Déjà vu?

Central Montana in pattern of weather extremes
By 
Katherine Sears
Managing Editor
Friday, January 14, 2022

Despite December snowfall, January 2022 in Central Montana is feeling a little bit like the beginning of the intense drought year of 2021. As of Friday, mountain snowpack in the Smith, Judith, Musselshell Basin measured 82 percent of normal. According to Ray Greely, meteorologist with the National Weather Service in Great Falls, that figure was closer to 92 percent at this time last year. 

“On the plains, we have melted out, but as far as mountain snowpack, it’s about 80 percent of normal,” said Greely.

Snowfall so far this year in Great Falls is on par with the average. 

“At this time, we should have about 24 inches, with the snowfall season beginning July 1,” said Greely. “In Great Falls, we have 23.2 inches so far.”

Although official snowfall totals were not available for Lewistown, according to Greely, he felt the area should have received similar totals. 

Greely said the area is experiencing a weak La Niña, which gives a slightly better chance for above average precipitation. Though that isn’t the only factor that determines weather, its presence is promising.

“Just having La Niña present gives us a 70 percent chance for above average precipitation and extreme cold, followed by a milder westerly flow,” said Greely.

Central Montana seems to be in a pattern of extreme cold, followed by warmer than average temperatures. 

“We’re seeing well above and well below averages,” said Greely. “On Wednesday, overnight temperatures were in the mid-40s, which, for January is pretty remarkable.” 

This cycle may continue throughout the near future. 

“In the forecast, we are looking at slightly above normal precipitation and temperatures, which tells us we’re probably going to stay in this pattern where we get snowfall, then it warms up,” said Greely. “Obviously we’re seeing some warmer weather right now, but we still have an opportunity to make up for lost time.”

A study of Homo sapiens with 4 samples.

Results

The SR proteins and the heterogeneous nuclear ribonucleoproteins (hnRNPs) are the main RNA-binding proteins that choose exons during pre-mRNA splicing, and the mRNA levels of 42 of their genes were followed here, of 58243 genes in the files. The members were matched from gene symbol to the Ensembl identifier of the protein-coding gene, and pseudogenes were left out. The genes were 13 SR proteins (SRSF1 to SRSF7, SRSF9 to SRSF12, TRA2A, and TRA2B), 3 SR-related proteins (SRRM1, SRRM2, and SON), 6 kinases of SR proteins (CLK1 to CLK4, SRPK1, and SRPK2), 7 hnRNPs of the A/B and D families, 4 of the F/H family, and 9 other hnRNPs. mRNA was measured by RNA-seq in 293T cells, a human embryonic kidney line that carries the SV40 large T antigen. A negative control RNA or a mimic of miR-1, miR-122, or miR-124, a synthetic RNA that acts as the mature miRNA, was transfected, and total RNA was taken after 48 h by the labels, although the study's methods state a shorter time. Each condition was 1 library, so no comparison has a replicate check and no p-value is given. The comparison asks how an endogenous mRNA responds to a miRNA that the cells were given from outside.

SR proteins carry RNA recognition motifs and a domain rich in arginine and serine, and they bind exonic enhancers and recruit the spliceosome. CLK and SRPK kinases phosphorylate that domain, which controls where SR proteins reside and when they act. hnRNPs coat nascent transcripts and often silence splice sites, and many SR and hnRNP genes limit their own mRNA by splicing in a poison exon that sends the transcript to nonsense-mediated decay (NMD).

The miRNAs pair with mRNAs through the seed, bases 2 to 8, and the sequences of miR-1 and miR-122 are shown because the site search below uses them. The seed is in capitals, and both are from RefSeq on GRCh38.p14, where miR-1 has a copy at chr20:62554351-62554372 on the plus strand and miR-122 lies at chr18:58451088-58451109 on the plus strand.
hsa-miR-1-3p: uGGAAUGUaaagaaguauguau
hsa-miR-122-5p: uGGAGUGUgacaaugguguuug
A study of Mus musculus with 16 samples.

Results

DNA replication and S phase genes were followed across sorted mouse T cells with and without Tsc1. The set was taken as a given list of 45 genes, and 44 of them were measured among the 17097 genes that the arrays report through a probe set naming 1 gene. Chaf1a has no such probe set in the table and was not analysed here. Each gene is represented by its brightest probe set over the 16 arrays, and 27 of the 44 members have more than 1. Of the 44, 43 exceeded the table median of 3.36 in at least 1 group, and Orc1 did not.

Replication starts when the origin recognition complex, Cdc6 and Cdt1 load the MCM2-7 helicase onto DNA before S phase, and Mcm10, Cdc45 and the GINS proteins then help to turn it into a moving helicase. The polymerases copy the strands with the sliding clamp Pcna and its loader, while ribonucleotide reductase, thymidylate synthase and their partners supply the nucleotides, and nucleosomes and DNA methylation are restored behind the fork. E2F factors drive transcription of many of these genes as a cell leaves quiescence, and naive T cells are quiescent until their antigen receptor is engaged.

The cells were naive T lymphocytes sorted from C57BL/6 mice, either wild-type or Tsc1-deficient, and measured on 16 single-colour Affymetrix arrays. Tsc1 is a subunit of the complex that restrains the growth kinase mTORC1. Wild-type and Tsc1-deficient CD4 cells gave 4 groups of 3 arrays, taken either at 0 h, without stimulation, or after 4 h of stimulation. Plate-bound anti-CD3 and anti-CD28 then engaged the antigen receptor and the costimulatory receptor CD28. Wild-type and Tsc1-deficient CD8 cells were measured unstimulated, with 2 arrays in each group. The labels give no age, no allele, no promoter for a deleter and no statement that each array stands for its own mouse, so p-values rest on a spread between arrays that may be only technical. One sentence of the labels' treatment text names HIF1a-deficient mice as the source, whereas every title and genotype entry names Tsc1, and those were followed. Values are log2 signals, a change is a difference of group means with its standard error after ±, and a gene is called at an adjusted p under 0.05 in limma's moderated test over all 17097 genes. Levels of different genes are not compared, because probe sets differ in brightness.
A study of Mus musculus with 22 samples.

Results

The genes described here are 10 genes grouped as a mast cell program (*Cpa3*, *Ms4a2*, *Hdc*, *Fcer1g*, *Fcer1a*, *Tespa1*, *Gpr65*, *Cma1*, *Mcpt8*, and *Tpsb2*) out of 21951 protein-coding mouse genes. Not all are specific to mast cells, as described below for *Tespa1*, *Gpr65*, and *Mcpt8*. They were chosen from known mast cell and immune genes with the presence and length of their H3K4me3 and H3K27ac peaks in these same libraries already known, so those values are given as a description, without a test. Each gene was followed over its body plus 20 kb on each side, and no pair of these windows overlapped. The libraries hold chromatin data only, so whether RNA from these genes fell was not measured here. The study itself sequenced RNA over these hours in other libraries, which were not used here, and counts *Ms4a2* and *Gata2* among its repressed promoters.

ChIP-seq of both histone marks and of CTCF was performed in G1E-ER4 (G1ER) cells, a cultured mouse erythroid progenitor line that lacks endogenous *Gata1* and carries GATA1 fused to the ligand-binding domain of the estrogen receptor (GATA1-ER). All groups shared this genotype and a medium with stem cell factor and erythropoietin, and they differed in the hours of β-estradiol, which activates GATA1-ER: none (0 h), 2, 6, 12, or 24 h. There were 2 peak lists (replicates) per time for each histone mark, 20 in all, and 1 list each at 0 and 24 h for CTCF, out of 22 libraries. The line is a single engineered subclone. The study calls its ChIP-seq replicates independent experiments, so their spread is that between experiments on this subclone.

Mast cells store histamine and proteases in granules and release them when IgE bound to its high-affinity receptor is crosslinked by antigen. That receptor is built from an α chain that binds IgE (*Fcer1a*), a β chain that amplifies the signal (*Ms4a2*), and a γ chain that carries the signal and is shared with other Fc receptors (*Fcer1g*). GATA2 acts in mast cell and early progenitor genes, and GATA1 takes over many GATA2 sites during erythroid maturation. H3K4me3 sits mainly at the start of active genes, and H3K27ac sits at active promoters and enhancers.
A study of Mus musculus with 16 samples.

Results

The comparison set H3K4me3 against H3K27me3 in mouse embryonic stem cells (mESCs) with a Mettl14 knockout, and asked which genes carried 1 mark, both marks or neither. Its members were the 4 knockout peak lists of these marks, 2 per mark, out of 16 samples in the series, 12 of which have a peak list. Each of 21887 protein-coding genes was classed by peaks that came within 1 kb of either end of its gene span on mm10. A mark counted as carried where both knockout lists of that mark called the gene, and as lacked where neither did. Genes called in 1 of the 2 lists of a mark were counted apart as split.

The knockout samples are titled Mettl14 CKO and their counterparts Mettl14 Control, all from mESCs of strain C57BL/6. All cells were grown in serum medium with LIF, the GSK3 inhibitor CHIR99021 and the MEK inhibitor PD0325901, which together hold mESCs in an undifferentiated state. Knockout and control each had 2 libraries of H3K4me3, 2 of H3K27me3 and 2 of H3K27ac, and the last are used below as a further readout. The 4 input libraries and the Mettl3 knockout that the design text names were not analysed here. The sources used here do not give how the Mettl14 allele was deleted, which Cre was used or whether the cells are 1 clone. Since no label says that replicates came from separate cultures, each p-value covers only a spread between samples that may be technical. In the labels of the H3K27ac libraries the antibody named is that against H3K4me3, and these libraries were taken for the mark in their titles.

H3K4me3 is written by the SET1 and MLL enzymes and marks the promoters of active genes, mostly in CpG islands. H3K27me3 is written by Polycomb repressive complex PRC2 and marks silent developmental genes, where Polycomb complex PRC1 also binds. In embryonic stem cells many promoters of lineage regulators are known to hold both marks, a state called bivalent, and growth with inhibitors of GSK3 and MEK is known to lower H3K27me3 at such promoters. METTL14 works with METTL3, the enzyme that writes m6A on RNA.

With most of Central Montana still in extreme drought, or exceptional drought, making up for lost time is something that needs to happen. 

“In the long-term forecast, we have better chances for above average precipitation in January through March and a slightly better chance for below normal temperatures,” said Greely. “If we do dry out, and have a dry spring, there are major concerns for fire and drought.” 

Greely points out that the trek from drought back to normal is completely circumstantial. 

“It’s hard to say exactly how much it will take to get us out of severe drought,” said Greely. “When the snow falls, we need it to actually soak into the ground.” 

How much moisture makes it into the ground depends on several factors, including how much wind an area experiences, how fast the snow melts, and frost depth. Greely said frost depths fluctuate yearly, and many places right now have a depth of over one foot, making conditions more favorable for the ground to hold moisture. 

“Frost in the ground helps preserve moisture more than what a warm ground would normally do,” said Greely. “This year, it (the frost) probably went a little deeper than normal because when the cold air settled in, the snow pack was very little.” 

Since depths fluctuate, Greely said the NWS doesn’t offer an “average” per se, but he compared this depth to that experienced in February 2019. 

“That was the last time we had a depth of one foot,” said Greely.

Even with a favorable frost depth, Greely said the area will need more moisture to dig out of the drought.

“Normal snow and spring rains will at least put a dent in it, but it will take quite a bit to get completely out,” said Greely. “If we don’t get moisture, we will have problems come the next fire season, and the next year for agriculture.” 

A warm-up is expected over the weekend, with the possibility of a system moving through the area on Tuesday or Wednesday carrying the potential for light snowfall.